Neuroimaging Data Science

Imaging technologies are increasingly used to generate high-resolution reference maps of brain structure and function. Modern scientific discovery relies on making comparisons between new maps (e.g. task activations, group structural differences) and these reference maps. We develop open tools for accessing, transforming, and analyzing structural and functional brain annotations.

Annotated Connectomics

Brain regions differ in terms of their cytoarchitecture, neurotransmitter receptor profiles, gene expression, temporal dynamics, etc. We reconstruct “annotated” connectomes, enriched with features. The goal of this work is to understand how microscopic properties and macroscale network embedding interact to support the emergence of global dynamics and patterned neural activity.

Structure-Function Coupling

Networks of white matter fibers projections form polyfunctional neural circuits that support cognition. We study how the structural organization of the brain supports emergent neural dynamics. We are primarily interested in how structure-function coupling varies across the cortical hierarchy, how it depends on local micro-architecture, and how it varies across time.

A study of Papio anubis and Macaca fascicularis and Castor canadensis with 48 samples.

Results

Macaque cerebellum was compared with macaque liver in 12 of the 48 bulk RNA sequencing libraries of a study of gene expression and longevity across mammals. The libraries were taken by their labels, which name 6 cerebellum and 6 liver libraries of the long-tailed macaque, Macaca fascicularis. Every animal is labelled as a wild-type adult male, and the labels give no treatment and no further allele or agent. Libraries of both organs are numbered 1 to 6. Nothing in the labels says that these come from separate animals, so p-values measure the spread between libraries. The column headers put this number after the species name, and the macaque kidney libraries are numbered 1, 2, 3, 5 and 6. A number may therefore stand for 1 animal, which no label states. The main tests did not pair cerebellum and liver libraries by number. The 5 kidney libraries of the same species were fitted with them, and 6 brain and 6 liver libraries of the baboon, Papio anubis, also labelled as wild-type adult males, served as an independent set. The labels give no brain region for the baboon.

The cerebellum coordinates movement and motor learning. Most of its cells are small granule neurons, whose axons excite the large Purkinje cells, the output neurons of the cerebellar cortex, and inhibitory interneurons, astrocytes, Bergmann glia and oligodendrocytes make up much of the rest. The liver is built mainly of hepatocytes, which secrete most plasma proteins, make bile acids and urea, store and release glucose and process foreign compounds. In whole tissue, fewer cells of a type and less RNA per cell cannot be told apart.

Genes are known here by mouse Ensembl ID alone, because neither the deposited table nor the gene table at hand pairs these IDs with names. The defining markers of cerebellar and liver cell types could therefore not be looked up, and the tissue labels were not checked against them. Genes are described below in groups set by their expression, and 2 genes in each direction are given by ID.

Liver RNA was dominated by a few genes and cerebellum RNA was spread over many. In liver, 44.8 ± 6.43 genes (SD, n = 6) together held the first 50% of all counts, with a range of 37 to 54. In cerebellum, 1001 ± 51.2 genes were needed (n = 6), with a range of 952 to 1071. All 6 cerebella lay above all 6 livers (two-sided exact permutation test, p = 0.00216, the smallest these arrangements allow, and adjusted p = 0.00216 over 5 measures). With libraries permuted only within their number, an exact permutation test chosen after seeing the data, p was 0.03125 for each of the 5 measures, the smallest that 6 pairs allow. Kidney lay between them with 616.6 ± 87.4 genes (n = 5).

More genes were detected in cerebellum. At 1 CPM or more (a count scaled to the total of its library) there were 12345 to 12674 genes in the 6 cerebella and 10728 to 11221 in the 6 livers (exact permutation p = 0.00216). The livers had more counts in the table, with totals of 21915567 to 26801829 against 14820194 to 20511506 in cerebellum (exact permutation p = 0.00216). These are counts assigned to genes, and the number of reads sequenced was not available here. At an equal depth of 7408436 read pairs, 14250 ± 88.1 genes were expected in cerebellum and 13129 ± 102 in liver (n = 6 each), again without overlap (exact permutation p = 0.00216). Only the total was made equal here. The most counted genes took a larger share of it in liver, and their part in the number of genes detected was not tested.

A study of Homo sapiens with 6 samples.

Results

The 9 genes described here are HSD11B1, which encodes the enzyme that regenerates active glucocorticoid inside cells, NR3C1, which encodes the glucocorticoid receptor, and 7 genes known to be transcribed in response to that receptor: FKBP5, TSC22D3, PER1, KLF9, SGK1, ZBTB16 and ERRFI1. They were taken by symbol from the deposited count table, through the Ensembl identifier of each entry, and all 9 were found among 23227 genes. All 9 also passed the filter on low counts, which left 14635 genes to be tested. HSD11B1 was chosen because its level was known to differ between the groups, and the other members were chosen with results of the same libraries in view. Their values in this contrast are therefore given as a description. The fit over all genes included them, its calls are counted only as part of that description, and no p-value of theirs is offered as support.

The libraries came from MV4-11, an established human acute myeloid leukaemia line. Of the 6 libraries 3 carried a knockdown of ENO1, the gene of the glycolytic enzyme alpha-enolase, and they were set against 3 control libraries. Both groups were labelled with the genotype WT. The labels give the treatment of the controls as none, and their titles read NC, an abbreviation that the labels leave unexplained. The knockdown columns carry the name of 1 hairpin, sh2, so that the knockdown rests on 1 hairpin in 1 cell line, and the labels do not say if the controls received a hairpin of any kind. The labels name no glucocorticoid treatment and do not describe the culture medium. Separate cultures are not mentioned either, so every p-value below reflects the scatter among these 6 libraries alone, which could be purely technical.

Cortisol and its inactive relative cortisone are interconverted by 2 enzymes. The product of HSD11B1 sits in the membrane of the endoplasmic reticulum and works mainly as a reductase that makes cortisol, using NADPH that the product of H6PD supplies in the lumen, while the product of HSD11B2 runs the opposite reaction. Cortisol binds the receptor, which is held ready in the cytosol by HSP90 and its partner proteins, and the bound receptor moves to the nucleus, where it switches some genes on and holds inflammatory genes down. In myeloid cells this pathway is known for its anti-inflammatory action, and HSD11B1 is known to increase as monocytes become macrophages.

Neuromorphic Networks

How does connectome architecture shape computation? We are constructing bio-instantiated artificial neural networks by implementing real biological brain connectomes as artificial networks. Using realistic biophysical dynamics and connection patterns, we are developing neuromorphic reservoir computers - connectomes that can be trained to perform cognitive tasks, such as working memory, language comprehension, spatial navigation.

Disease Propagation

Axonal fibers provide a scaffold through which misfolded pathogenic proteins spread, shaping the course and expression of neurodegenerative diseases such as Parkinson’s (PD) and Alzheimer’s (AD) disease. We develop generative models that integrate connectivity (diffusion MRI), co-activation (functional MRI) and genetics (mRNA transcription) to predict the evolution of neurodegenerative diseases.

Statistical Connectomics

An emerging theme in network neuroscience emphasizes links between multiscale structural and functional features of the brain, and the rich cognitive-behavioural repertoire they support. We develop multivariate statistical learning techniques that map high-dimensional brain imaging modalities to phenotypic variation in healthy and clinical populations.

Null Models

How do we demonstrate that a brain network feature is statistically unexpected? Null models are an inferential tool to assess the presence or magnitude of features, by selectively preserving specific architectural properties of brain networks while randomizing others. We develop and systematically benchmark null models to understand the architecture of brain networks.

Network Communication

A fundamental question in connectomics is how the organization of brain networks supports neural signaling. Using anatomically realistic brain networks derived from imaging and tracing, we develop computational models of inter-regional communication. We use these models to characterize how communication processes unfold on structural brain networks and how they support cognitive capacity.